THREE LIVES is a one-man “performance theater” show that tells the autobiographical tale of Luu’s harrowing escape from war-torn Saigon as an ethnic Chinese/Vietnamese refugee in 1975. What follow is a tumultuous journey that is at once hilarious & heartbreaking, as seen through the eyes of four distinct characters — Grandpa Luu, Pops Luu, Alex himself, and a younger cousin named Albert. All four characters experience the Vietnam War, its aftermath, and the ultimate search for belonging and home in a new country (America).

Spanning an epic four generations/decades (mid-70’s through late 90’s/early 2000’s), THREE LIVES presents a multi-layered portrait of these men’s lives and experiences as they intertwine and collide (painfully and comically), creating a rich and powerful mosaic that reflects the ravages of war and its cycle of violence, both on the battle field & at home. It is through the prism of these characters’ eyes that we see the specificity of dislocation of home & spirit, racism and assimilation in a new land, the chasm that inevitably forms between the immigrant and American-born experience of so many Asians in America, and the beauty of family and humanity.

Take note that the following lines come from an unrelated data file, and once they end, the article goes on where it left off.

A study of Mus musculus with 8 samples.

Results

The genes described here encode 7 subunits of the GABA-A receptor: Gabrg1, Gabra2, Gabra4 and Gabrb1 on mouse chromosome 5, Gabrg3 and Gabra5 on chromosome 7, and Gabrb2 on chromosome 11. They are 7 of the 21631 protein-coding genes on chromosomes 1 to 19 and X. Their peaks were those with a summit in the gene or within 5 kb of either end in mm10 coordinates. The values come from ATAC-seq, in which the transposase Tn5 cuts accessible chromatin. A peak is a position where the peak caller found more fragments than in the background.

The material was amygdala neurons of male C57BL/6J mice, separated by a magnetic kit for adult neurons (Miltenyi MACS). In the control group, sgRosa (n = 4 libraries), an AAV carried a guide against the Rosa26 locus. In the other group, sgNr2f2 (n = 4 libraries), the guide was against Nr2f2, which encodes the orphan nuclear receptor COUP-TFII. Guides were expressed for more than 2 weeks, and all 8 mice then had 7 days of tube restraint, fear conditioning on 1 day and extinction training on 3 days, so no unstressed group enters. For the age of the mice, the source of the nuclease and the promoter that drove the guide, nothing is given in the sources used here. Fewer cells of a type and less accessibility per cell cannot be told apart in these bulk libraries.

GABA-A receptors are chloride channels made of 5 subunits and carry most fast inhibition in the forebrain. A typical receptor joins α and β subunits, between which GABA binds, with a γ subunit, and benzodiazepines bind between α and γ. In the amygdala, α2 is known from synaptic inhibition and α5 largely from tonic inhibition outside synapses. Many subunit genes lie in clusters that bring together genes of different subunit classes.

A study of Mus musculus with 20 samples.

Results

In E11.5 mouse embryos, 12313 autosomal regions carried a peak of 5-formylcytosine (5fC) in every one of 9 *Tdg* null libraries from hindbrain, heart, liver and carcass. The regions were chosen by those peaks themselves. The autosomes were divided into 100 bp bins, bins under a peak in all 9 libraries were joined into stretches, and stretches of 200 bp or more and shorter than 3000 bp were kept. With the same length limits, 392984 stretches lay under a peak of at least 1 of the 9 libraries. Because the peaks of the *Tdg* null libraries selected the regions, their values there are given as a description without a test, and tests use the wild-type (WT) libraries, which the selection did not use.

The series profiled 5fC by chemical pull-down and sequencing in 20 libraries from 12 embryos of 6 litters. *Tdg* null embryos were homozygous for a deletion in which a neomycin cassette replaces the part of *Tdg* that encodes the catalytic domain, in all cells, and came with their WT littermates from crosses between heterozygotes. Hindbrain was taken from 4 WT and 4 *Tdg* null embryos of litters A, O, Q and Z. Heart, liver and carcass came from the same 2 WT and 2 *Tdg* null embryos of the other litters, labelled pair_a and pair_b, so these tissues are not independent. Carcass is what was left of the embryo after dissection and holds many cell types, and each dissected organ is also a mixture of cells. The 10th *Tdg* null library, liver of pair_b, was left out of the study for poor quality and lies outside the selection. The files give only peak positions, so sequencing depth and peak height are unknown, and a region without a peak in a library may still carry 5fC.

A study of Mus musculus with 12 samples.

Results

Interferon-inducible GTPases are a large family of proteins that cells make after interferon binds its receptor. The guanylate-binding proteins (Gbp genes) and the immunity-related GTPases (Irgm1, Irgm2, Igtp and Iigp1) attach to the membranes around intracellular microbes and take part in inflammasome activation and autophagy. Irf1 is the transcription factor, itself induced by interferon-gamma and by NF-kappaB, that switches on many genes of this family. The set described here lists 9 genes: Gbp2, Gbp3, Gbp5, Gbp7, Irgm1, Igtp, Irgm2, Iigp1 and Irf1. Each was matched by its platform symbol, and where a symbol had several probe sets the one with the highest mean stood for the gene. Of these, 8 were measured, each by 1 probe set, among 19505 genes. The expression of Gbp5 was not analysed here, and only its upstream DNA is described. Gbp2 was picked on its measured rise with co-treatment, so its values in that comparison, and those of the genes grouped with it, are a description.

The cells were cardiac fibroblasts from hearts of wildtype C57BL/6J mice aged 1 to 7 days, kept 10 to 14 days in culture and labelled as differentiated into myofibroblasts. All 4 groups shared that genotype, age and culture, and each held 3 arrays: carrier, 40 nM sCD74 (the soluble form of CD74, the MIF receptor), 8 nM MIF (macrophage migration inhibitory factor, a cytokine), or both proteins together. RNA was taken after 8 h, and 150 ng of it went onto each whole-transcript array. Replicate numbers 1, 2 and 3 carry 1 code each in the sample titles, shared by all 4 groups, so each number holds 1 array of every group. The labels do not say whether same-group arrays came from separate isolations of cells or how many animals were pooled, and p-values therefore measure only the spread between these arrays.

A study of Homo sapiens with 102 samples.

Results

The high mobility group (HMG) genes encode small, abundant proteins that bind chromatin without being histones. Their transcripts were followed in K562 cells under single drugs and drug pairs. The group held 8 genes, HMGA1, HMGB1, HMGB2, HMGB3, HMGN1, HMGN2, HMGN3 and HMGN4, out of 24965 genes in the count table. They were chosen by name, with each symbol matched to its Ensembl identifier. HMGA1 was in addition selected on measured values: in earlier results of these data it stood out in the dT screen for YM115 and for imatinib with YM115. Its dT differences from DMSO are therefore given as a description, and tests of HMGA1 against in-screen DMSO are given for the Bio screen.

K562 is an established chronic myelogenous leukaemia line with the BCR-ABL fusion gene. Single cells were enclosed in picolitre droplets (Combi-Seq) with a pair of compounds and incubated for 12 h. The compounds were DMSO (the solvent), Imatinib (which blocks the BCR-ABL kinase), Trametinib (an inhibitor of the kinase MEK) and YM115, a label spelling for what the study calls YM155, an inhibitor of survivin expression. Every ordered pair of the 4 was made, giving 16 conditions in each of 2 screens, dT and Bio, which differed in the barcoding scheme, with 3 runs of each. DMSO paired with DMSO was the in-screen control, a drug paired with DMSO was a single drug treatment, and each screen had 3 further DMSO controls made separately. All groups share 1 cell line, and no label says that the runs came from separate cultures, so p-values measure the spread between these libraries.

On an even deeper level, THREE LIVES offers up a rare glimpse of what is usually not seen when America goes to war – the faces of the other, whether it be the “enemy” or the refugee; in this case, that of countless Chinese/Vietnamese experiences/voices that even up until now are rarely seen and heard; experiences and voices that are for the most part misunderstood, misrepresented, and/or forgotten. THREE LIVES is also as much about the tearing down of stereotypes—especially of Asian males in particular—as it is about identity politics, ageism, and the rejuvenating promise & sober de-construction of the American Dream/Nightmare.

Stylistically, THREE LIVES blends kinetic physical movement, performance art, monologue, and iconic images/sounds of the Vietnam War into a visceral, roller-coaster ride full of hilarious over-the-top humor and heartrending pathos & poignancy.

Finally, THREE LIVES challenges the audience to re-think, re-evaluate, and embrace the humanity in all of us.